Earlier this year I joined the Windsor Rotary Club. My membership came about through an unusual meeting – the 2015-16 President, Terry Munsey, is our regular handyman! He was at our house doing some work when he mentioned that he was a member of the Club. I was looking to increase my social circle, get out of the house more often and contribute to the community by volunteering. I attended a few meetings, and before I knew it, Terry was sponsoring my membership.
One of the benefits of joining is the “Rotary Down Under” magazine. While reading the September 2016 issue today, I came across an article called “Broken Windows”, which resonated with me, both as a Rotary member, but in regard to life generally. So here it is.
The “Broken Windows Theory” dictates that if windows are broken and left unfixed, people tend to infer a prevailing sense of indifference towards the upkeep of order in the neighbourhood. Subsequently, they show less inhibition towards breaking further windows or similar anti-social behaviour – if nobody really cares, why not? Similarly, if it doesn’t really matter, why prevent it taking place?
If this attitude continues unchecked, it can cause the entire area to be affected by a rise in crime. Petty vandalism can lead to larger wrongdoings, as people perceive an apathy to lawfulness and feel free to act without restraint.
So what does this mean to Rotary? Our clubs’ successes are defined by their internal cultures. High levels of meaningful service, ethics, integrity, respect and unity, as well as a commitment to fostering goodwill and assisting the development of both our own members and the wider community, are the foundations of Rotary worldwide. These are our windows.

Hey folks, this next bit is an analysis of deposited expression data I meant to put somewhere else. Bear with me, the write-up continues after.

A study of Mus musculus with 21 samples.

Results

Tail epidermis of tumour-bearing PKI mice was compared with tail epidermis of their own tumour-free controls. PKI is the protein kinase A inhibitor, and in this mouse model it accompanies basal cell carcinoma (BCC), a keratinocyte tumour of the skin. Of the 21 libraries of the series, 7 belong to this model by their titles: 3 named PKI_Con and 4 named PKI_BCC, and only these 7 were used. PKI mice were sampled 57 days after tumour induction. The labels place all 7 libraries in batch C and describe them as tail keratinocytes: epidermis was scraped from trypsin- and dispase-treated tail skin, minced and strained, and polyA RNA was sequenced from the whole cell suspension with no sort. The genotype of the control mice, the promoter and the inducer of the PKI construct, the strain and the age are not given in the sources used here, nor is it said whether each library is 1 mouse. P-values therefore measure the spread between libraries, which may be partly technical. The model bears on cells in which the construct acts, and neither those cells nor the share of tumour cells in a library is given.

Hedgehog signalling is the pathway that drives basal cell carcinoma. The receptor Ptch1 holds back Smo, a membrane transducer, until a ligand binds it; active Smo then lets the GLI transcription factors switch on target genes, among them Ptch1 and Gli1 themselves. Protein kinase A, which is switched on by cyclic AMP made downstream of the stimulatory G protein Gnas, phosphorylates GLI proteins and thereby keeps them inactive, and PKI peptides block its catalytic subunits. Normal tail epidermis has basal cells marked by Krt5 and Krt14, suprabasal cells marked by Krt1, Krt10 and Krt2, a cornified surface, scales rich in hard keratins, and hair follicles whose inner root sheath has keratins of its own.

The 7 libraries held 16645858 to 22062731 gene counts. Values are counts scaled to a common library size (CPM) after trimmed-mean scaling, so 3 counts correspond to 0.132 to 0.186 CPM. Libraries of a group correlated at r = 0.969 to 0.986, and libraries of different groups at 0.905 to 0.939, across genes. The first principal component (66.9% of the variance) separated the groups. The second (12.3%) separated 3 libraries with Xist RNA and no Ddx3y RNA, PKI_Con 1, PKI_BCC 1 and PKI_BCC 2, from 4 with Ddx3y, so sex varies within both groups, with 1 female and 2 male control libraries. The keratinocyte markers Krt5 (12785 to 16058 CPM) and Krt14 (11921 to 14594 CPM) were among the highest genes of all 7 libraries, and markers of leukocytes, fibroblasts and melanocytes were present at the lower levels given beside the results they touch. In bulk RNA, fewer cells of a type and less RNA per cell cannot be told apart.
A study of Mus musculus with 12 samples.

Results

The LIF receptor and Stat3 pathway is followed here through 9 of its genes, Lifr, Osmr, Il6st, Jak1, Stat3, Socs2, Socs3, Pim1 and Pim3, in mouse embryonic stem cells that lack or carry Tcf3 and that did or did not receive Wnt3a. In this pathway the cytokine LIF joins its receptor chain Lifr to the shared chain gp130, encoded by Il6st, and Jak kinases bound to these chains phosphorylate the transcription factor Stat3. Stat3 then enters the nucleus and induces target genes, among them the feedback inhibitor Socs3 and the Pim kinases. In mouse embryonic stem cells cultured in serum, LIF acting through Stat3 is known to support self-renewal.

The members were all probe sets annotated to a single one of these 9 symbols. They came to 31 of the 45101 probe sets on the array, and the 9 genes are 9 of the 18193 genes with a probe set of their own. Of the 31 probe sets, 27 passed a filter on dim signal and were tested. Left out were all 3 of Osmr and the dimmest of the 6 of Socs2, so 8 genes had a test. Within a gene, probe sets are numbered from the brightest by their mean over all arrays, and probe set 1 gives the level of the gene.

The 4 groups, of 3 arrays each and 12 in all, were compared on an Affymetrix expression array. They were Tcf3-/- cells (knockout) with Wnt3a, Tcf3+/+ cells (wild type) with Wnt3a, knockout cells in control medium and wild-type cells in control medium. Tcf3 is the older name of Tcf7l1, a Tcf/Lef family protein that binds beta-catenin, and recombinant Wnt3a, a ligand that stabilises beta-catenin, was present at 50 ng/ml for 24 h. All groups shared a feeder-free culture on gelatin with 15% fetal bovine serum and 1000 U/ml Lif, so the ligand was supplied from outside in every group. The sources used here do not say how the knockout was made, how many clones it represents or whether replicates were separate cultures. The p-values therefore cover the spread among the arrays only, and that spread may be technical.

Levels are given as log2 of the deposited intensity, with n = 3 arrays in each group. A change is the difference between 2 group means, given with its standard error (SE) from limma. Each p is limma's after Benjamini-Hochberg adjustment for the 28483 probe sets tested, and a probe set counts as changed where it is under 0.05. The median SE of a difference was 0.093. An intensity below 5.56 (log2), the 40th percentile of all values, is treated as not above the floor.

Occasionally and regrettably, these windows get broken. Areas of service may become neglected. We may fail to bring in new members or members who add fresh perspectives. We may defer the opportunity to undertake projects of significance or may not embody our values when interacting with other club members or when facing difficulties in reaching our objectives.
We have two choices once this occurs: we either identify and set about fixing the problem, or we do nothing and watch the resultant drop in standards….and membership. Seems like an easy choice. But we all know that the right choice isn’t always the easy choice.
We can look to others to fix the problems, or even expect they will do so. We may believe we “aren’t responsible for” or “don’t own” the problems, so therefore they aren’t ours. We may even figure that nobody will notice, or that the problems will fix themselves over time. In reality though, these “windows”, which our success rests upon, are every Rotarian’s priority. Small fractures left unchecked can lead to large breaks.
Great teams comprise of individuals prepared be self-managing. They take personal responsibility for ensuring standards are met and raised further again. They don’t need to be prevented from breaking windows, they are out there fixing windows, polishing them and taking pride in them.
We all, at times, get off course and our windows get broken. But it is how we respond to both our own broken windows and those within our vicinity that will define Rotary’s future success.
While this article deals with how Rotary responds to and fixes problems in its local community through the volunteering and drive of its members, the whole concept of the “Broken Window” can apply to any person, family, organisation and community. So what broken windows do you see, and how are you going to fix them?